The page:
Ben Stiller directs and stars in this new adaptation of James Thurber’s 1939 story about a daydreamer who works in the photo department of Life magazine, handling the stills of the people whose lives he longs for. Walter takes drastic steps when a negative goes missing, sent to him from hero and photojournalist Sean O’Connell (Sean Penn), intended for the last edition of the magazine. Faced with the prospect of never again getting to speak to his co-worker and crush Cheryl (Kristen Wiig) and with the loss of the publication which speaks so clearly to him looming, Walter changes his life in a way even he never would have imagined.
There’s the bones of a good film here, amidst all the various styles jumbled together. There are comedic moments from ‘transition manager’ Adam Scott, romantic ones from Kristen Wiig and fantasy ones from Walter’s wild imagination. It’s half an hour too long, and feels on the verge of being brilliant, but as though some of the innocence of Walter’s character has diminished. There are amazing moments, such as Walter deciding to go to Greenland and running past the most iconic Life Magazine front covers, or Kristen Wiig singing Space Oddity as Walter leaps onto a helicopter mid lift off. It’s also a beautiful advert for Iceland, with breathtaking shots of the landscape.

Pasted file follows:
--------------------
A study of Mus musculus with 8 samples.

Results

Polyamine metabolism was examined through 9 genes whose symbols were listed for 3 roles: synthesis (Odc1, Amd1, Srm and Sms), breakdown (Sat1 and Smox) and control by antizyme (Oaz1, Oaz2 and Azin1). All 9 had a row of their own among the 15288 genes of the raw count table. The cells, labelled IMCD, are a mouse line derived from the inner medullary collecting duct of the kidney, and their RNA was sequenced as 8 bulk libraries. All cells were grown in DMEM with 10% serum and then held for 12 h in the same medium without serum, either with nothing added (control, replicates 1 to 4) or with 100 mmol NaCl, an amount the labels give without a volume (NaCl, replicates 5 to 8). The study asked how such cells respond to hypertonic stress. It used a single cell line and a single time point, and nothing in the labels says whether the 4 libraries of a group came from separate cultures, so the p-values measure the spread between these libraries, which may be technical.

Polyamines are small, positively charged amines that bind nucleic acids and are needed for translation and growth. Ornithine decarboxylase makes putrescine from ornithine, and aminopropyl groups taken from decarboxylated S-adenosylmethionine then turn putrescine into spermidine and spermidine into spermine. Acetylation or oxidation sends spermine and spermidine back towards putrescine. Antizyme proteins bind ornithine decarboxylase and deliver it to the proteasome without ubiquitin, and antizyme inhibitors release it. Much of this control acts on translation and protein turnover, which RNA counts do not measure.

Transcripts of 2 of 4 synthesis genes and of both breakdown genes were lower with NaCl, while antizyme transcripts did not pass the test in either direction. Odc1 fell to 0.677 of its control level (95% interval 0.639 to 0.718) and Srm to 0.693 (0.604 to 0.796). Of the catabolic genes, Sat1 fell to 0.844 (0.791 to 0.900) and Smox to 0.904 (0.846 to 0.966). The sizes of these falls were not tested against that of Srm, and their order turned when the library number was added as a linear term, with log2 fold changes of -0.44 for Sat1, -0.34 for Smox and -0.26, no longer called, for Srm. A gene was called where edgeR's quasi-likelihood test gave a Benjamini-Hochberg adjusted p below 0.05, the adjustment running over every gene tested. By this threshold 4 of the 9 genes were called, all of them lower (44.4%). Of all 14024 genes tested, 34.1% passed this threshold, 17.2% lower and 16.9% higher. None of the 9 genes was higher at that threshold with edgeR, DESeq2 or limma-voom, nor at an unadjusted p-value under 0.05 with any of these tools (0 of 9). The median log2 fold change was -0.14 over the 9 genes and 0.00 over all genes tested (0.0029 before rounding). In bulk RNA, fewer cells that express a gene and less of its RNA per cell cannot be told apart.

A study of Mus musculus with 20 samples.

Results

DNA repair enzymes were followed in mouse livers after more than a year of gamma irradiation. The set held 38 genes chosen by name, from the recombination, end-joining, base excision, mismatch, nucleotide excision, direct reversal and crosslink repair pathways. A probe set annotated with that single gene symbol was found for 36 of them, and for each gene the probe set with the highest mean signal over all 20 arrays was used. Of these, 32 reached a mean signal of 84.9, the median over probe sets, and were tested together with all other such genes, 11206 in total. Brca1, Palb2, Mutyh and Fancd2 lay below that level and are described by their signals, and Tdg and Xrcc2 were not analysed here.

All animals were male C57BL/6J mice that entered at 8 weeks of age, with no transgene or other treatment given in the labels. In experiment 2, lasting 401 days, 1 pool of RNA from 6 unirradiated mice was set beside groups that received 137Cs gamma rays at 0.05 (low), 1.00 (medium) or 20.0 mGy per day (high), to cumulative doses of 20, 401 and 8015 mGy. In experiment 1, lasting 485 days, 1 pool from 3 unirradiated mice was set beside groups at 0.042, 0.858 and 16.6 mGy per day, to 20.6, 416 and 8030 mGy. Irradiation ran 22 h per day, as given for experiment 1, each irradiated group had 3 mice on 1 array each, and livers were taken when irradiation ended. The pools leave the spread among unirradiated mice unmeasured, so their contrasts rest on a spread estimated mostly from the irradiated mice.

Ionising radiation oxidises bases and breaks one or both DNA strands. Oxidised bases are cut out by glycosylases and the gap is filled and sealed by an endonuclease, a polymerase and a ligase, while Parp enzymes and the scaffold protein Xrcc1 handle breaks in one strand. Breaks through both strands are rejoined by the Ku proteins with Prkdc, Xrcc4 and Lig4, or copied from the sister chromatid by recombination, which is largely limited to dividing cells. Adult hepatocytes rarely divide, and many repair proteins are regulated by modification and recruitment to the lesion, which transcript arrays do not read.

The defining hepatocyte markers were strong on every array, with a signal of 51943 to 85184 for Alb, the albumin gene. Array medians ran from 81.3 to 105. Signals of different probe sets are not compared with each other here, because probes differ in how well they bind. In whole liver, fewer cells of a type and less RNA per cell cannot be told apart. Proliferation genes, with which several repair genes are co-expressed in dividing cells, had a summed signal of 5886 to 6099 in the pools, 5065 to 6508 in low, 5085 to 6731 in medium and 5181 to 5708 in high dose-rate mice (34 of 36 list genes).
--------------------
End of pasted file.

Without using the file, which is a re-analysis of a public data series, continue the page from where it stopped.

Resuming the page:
But it’s the character writing that lets this film down for me. If Walter’s life is so quiet and boring would it really be so easy to go and talk to the girl he dreams of? And would it be so easy for him to leap on a plane, to wear cooler clothes, and to become increasingly Ben Stiller-esque?
Part of the beauty of the concept of this film comes from its simplicity. This adaptation feels like it went too large, dreamt too big and lost some heart along the way.